Rep. Reed makes passionate speech across the House aisle, but doesn't support impeachment

Congressman stood with Democrats during vote to certify election results

Chris Potter
The Evening Tribune

WASHINGTON — Rep. Tom Reed stepped to the Democratic side of the aisle late Wednesday night to vote in favor of certifying Joe Biden's victory over President Donald Trump, but the Republican stopped short Thursday of supporting calls to remove Trump from office. 

Sen. Chuck Schumer, a Democrat, urged Vice President Mike Pence and Trump's Cabinet to immediately remove the president from office under the 25th Amendment. Barring that historic move, the New York senator said Congress should reconvene to impeach the president before his term runs out Jan. 20. 

Reed, a Republican from Corning who represents much of the Southern Tier of New York, struck a different tone. 

Rep. Tom Reed (R-Corning) stood on the Democratic side of the aisle Wednesday night to certify the results of the 2020 presidential election.

“There’s millions of Americans out there that are filled with this anger, filled with this fear, and I caution my colleagues that maybe looking for that immediate headline or that instant type of response because they want to do something about this issue — we did something last night,” Reed said in Thursday press conference. “We completed the democratic process when it was under attack by mob rule. We are going to complete the transition of power and come Jan. 20 we will have a new president, and it will now be done and completed in a peaceful way.” 

U.S. Rep. Tom Reed

Reed wasn’t in the Capitol building when rioters broke through police barricades and poured inside as members of the House and Senate met to certify the election. He had just left the floor and watched the scene unfold on television from his office in the Longworth House Office Building, which was locked down by police. Reed called it “one of the most disheartening moments of my entire life.” 

When the House reconvened Wednesday night, Reed followed through on his intent to vote for certification of the election results. He delivered a passionate two-minute speech from the Democratic side of the aisle “as a proud Republican, but most importantly as a proud American.” 

Who voted against certification?:Why these GOP lawmakers did even after Capitol riot

“What I saw today was mob rule that spat upon the blood of my father that is in the soil of Europe and in the soil of Korea, who gave us through that blood this sacred Constitution, and this sacred ability to lead this world as a power that says we settle our differences not with mob rule, we settle our differences with elections,” Reed said to applause from his colleagues in the chamber. 

While pledging to fight for Republican ideals, Reed stood with Democrats on this night “to send a message to the nation and all Americans that what we saw today was not American, and what we see tonight in this body shall be what we do in America, and that is to transfer power in a peaceful way.”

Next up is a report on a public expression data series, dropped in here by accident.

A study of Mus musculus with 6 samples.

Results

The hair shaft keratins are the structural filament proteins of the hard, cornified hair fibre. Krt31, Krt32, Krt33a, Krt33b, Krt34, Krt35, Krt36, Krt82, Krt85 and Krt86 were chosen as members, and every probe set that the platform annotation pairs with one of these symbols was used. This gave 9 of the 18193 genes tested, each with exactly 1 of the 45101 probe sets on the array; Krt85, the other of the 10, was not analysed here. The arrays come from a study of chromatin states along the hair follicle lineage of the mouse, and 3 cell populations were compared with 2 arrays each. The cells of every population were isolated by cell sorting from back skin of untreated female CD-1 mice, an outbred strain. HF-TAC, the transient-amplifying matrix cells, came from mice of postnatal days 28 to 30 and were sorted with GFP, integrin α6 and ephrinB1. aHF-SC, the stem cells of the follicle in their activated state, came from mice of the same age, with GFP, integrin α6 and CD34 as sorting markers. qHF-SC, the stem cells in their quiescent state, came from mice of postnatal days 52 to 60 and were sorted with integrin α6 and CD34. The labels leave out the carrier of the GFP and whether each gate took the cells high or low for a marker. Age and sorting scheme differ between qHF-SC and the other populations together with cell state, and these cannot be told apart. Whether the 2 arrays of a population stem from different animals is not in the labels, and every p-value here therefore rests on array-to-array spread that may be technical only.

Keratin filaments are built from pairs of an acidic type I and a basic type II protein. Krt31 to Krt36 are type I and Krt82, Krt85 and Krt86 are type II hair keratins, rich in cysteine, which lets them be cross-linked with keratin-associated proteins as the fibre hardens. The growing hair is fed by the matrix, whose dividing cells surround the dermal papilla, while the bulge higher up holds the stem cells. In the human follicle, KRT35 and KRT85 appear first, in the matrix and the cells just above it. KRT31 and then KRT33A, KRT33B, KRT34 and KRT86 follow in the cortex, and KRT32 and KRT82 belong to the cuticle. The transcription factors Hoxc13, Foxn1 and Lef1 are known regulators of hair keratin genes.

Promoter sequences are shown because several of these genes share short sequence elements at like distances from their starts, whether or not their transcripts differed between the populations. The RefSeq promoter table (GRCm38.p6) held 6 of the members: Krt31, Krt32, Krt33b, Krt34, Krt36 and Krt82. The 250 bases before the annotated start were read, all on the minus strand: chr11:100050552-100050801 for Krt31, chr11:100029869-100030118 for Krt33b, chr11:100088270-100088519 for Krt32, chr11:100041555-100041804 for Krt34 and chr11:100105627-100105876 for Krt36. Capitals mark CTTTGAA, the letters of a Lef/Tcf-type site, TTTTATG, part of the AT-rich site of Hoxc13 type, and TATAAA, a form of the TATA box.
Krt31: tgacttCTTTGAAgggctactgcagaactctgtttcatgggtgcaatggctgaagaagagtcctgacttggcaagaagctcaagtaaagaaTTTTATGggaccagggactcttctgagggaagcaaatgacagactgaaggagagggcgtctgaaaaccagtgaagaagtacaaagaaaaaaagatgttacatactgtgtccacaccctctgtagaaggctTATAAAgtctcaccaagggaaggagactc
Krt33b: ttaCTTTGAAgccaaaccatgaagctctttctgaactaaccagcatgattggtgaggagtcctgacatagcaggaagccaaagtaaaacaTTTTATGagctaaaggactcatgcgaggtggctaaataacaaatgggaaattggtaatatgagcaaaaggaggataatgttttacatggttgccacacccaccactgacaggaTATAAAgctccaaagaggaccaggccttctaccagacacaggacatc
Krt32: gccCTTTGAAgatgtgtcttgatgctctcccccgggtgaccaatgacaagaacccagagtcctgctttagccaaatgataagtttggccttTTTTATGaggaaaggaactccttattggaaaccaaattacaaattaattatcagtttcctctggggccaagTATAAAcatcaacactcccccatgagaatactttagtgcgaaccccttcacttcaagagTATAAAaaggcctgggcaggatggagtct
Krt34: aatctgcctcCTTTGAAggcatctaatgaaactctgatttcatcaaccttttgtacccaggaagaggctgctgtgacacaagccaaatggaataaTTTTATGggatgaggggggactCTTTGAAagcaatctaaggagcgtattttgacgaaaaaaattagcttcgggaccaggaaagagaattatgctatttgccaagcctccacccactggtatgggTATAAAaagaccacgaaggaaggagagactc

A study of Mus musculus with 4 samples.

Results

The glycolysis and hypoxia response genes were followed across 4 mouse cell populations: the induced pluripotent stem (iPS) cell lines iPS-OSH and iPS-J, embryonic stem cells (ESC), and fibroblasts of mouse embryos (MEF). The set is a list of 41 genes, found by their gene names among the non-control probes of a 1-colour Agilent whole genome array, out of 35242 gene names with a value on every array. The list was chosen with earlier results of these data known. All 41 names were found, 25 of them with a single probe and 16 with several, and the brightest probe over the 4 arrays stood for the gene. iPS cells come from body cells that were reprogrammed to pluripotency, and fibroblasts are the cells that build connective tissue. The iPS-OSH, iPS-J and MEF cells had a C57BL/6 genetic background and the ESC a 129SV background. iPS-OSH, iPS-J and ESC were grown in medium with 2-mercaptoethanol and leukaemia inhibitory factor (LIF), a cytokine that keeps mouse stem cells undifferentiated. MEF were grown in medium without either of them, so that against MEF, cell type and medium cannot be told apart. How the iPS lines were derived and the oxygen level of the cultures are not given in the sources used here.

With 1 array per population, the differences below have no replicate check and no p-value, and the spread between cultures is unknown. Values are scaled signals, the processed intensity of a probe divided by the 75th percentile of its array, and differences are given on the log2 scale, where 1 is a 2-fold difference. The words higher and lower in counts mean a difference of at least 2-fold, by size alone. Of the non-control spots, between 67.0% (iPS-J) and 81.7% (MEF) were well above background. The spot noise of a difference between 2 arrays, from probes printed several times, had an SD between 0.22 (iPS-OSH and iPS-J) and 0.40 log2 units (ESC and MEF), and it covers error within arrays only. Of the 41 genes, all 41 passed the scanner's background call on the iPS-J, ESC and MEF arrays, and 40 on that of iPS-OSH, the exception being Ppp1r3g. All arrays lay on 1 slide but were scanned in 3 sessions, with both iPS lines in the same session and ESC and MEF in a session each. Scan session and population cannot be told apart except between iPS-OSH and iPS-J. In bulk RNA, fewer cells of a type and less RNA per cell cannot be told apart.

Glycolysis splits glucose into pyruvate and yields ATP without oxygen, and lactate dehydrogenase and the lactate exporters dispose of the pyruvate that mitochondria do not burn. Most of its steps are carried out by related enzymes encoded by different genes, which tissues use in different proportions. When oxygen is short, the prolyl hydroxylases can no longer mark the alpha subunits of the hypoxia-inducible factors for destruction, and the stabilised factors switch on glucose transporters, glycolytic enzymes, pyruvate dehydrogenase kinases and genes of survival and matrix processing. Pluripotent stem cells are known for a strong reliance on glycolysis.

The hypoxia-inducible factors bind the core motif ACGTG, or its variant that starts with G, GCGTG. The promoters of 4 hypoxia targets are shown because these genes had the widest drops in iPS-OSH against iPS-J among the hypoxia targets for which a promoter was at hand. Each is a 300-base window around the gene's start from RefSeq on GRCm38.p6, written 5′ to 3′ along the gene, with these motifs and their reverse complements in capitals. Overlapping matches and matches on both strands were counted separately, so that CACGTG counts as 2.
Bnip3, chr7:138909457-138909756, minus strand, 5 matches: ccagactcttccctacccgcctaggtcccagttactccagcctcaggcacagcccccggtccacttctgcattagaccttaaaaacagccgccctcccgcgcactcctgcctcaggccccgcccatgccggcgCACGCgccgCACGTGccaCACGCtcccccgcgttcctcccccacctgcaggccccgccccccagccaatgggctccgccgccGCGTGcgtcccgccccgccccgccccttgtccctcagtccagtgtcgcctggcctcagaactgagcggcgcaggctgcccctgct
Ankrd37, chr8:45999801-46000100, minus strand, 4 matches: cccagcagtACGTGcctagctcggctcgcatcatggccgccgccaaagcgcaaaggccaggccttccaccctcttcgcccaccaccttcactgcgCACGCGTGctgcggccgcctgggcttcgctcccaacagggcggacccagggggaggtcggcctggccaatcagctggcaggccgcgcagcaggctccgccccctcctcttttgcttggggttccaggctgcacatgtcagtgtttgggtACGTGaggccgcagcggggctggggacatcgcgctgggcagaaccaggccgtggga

Reed yielded the remainder of his time to the New Jersey Democrat standing beside him, Josh Gottheimer, his “best friend in Congress” with whom he co-chairs the Problem Solvers Caucus. 

Reflecting Thursday, Reed said he wanted the symbolism to add power to his words. Returning to the House floor hours after it had been overrun by rioters “reinvigorated” his zest for American democracy and his resolve to stand against lawlessness.  

Reed was further encouraged by a statement from President Trump on Thursday morning that “there will be an orderly transition on January 20th.” 

“I think we need to move forward. People will judge the president. History will judge the president and his legacy,” Reed said. “I’m just an individual, just another American citizen. I was very concerned with the rhetoric I saw on the mall (Wednesday). I will continue to ask the president to commit to what he did today in regards to supporting the orderly transition of power. I hope that is where we go in the next 13 days and I’m confident we’re going to do that.” 

A fellow Republican, Rep. Adam Kinzinger of Illinois, on Thursday called for Trump’s removal under the 25th Amendment. Reed didn't support such an effort, but he did have some criticism for fellow Republicans playing politics with voter confidence in the electoral process. 

“Prior to the vote yesterday I had conversations with members of the House and senators where I know, they looked me in the eye and they indicated to me they were purely doing this out of political motivations. That is wrong to me. We need to stop that,” Reed said. “I will continue to call that out as we go forward. 

“As these folks continue to play those political games, I think the American people are going to say enough is enough. They’re the ones that control who their elected officials are. I go back to my fundamental belief, it’s the wisdom of the American people that will see us through this.”